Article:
Texas’ largest energy companies admit to adjusting some customers’ thermostats

A Fort Worth Star-Telegram report published Friday revealed a tidbit some Texans may be surprised to hear: a number of energy companies in the Lone Star State have the ability to adjust the temperature of customers’ home thermostats in response to power grid conditions.

According to the Star-Telegram’s Dalia Faheid, TXU Energy’s “Demand Response Program” is one such initiative that allows the company to change customers’ thermostat settings “by a few degrees for a short time, normally less than an hour,” a TXU spokesperson told the Star-Telegram.

“While customers agree to this upfront as an important conservation tool, they can typically override the demand response event depending on their unique needs,” the spokesperson added.

TXU told KHOU that tens of thousands of their customers across Texas have opted into the program, though it’s unclear exactly how many people’s thermostats were remote-adjusted during this week’s extreme heat wave.

Houston energy mainstay CenterPoint Energy also remote-controls a portion of its customers’ thermostats, according to a June report from the Verge. CenterPoint’s remote access program, called “Smart Savers Texas,” grants the company access to customers’ thermostats “make brief, limited adjustments… at times of peak electricity demand in the summer,” according to the Smart Savers Texas website. Centerpoint customers can opt out of the program at any time, according to the website.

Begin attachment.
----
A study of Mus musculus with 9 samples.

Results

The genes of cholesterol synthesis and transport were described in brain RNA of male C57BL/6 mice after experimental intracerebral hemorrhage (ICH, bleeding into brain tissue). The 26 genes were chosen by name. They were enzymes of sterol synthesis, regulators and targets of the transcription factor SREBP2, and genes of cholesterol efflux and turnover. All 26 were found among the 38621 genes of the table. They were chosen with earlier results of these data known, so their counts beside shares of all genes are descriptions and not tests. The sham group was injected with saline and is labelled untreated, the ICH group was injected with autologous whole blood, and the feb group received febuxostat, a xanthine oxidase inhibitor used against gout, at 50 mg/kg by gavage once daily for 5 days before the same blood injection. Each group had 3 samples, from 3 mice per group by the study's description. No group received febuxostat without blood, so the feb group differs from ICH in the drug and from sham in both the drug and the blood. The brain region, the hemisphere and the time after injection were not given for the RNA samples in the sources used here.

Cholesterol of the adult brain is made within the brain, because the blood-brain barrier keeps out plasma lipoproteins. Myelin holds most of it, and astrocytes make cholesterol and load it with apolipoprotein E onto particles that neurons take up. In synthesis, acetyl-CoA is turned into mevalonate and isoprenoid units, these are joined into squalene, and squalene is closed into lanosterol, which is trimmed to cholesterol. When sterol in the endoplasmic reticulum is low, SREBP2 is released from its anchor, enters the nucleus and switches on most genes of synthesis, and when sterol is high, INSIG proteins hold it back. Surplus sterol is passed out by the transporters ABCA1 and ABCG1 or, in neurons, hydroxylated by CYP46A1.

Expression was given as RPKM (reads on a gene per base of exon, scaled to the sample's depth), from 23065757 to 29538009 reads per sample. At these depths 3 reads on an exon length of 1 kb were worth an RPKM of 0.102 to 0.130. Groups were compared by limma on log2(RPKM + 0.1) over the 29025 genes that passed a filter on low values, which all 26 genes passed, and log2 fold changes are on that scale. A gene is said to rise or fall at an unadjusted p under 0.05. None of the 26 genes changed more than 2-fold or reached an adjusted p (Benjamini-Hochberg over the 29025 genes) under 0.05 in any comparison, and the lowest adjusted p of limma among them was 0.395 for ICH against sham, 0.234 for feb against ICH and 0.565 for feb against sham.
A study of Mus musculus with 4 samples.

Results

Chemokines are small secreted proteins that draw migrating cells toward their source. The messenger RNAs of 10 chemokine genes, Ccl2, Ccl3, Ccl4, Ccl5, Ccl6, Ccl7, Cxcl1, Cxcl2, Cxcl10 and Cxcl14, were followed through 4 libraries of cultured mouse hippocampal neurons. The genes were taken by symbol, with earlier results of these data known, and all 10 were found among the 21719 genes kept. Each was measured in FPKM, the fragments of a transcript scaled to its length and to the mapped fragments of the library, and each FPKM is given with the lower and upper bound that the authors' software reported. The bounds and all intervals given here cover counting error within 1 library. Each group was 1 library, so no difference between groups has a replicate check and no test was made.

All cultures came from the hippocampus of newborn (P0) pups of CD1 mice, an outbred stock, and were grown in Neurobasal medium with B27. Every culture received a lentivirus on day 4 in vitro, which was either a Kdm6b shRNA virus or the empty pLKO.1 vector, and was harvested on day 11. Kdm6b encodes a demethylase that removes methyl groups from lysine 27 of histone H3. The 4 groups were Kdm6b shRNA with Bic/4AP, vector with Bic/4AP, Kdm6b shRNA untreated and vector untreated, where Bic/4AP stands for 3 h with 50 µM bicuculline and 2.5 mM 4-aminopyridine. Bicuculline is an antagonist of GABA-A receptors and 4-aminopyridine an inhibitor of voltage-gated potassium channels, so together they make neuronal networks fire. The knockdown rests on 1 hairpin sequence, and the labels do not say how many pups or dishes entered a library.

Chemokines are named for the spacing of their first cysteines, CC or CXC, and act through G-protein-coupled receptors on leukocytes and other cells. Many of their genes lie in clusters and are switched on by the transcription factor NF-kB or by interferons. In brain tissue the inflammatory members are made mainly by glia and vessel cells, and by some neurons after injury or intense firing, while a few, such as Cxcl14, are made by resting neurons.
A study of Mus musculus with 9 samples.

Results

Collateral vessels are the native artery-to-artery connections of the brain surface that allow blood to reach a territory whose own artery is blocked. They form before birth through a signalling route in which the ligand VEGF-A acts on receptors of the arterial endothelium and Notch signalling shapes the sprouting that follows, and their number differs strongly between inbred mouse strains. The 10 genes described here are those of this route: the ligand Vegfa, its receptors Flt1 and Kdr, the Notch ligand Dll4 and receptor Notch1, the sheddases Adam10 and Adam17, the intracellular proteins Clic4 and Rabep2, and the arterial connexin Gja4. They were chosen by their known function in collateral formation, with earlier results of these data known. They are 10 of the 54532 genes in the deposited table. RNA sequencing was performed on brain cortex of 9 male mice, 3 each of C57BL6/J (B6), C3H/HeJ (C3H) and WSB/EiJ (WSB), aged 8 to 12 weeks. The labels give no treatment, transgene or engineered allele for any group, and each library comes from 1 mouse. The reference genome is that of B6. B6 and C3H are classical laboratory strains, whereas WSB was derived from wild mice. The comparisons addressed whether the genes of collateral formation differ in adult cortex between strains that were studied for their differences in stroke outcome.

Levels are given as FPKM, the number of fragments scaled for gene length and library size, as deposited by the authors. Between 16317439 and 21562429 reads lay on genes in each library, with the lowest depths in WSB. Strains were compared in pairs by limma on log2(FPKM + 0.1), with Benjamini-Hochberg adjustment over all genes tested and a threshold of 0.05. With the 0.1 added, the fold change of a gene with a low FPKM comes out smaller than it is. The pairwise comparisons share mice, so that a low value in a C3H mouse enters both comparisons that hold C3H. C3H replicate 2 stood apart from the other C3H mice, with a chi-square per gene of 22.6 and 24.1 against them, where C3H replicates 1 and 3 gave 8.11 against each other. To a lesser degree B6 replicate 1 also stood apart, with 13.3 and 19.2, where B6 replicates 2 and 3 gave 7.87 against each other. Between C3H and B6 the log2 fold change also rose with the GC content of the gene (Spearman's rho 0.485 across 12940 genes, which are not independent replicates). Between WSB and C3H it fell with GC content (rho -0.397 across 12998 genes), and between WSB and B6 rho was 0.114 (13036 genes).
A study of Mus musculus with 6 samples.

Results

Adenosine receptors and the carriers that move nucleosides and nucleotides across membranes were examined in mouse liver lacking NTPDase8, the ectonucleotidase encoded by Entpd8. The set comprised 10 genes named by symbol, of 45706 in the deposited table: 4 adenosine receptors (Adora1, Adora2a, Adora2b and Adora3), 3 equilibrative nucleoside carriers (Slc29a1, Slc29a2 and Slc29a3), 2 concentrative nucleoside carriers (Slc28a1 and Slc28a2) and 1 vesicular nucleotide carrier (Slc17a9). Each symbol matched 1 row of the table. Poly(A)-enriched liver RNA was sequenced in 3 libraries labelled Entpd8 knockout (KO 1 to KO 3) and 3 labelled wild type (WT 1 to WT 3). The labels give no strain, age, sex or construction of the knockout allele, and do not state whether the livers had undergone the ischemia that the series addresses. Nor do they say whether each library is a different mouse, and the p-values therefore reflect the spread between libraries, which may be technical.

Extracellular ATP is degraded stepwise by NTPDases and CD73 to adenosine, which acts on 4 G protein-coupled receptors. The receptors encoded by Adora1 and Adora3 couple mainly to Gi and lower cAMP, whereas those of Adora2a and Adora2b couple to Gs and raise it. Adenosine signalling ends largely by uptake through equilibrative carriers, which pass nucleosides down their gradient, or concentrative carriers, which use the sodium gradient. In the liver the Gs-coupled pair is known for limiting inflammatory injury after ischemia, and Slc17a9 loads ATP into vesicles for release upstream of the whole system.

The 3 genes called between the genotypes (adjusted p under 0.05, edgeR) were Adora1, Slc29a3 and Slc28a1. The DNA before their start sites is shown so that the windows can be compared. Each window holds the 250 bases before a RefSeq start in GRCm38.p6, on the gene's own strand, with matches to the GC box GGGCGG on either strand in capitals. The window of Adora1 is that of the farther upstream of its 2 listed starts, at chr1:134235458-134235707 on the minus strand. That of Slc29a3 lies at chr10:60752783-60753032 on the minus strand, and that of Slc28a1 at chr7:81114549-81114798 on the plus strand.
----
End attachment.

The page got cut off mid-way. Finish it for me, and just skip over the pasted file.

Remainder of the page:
Despite Texas energy companies’ assurances that their customers’ participation in remote-access programs is voluntary, some customers say they weren’t aware they were signed up without their knowledge.

Last summer, energy customers told KHOU last summer that they only found out about their enrollment in a remote access program when they woke up to warm temperatures at home. TikTok user CactusShark888 posted a video in June of 2021 showing his smart thermostat registering an “Energy Rush Hour” alert that raised temperatures in his apartment to 83 degrees in the name of power conservation. He claimed the thermostat would not revert to user-operated settings for hours after the provider-mandated intervention.

“This is what was on my thermostat: ‘Energy Rush Hour from 3:30 to 5:30,” the TikToker said. “Yet it is 9 pm and I still can’t change my thermostat to set it to ‘Cool.'”

Houston will see a brief respite from triple-digit heat Friday and Saturday before temperatures return to the upper nineties on Sunday. Highs in the Houston area are projected to hit 100 degrees on Wednesday afternoon.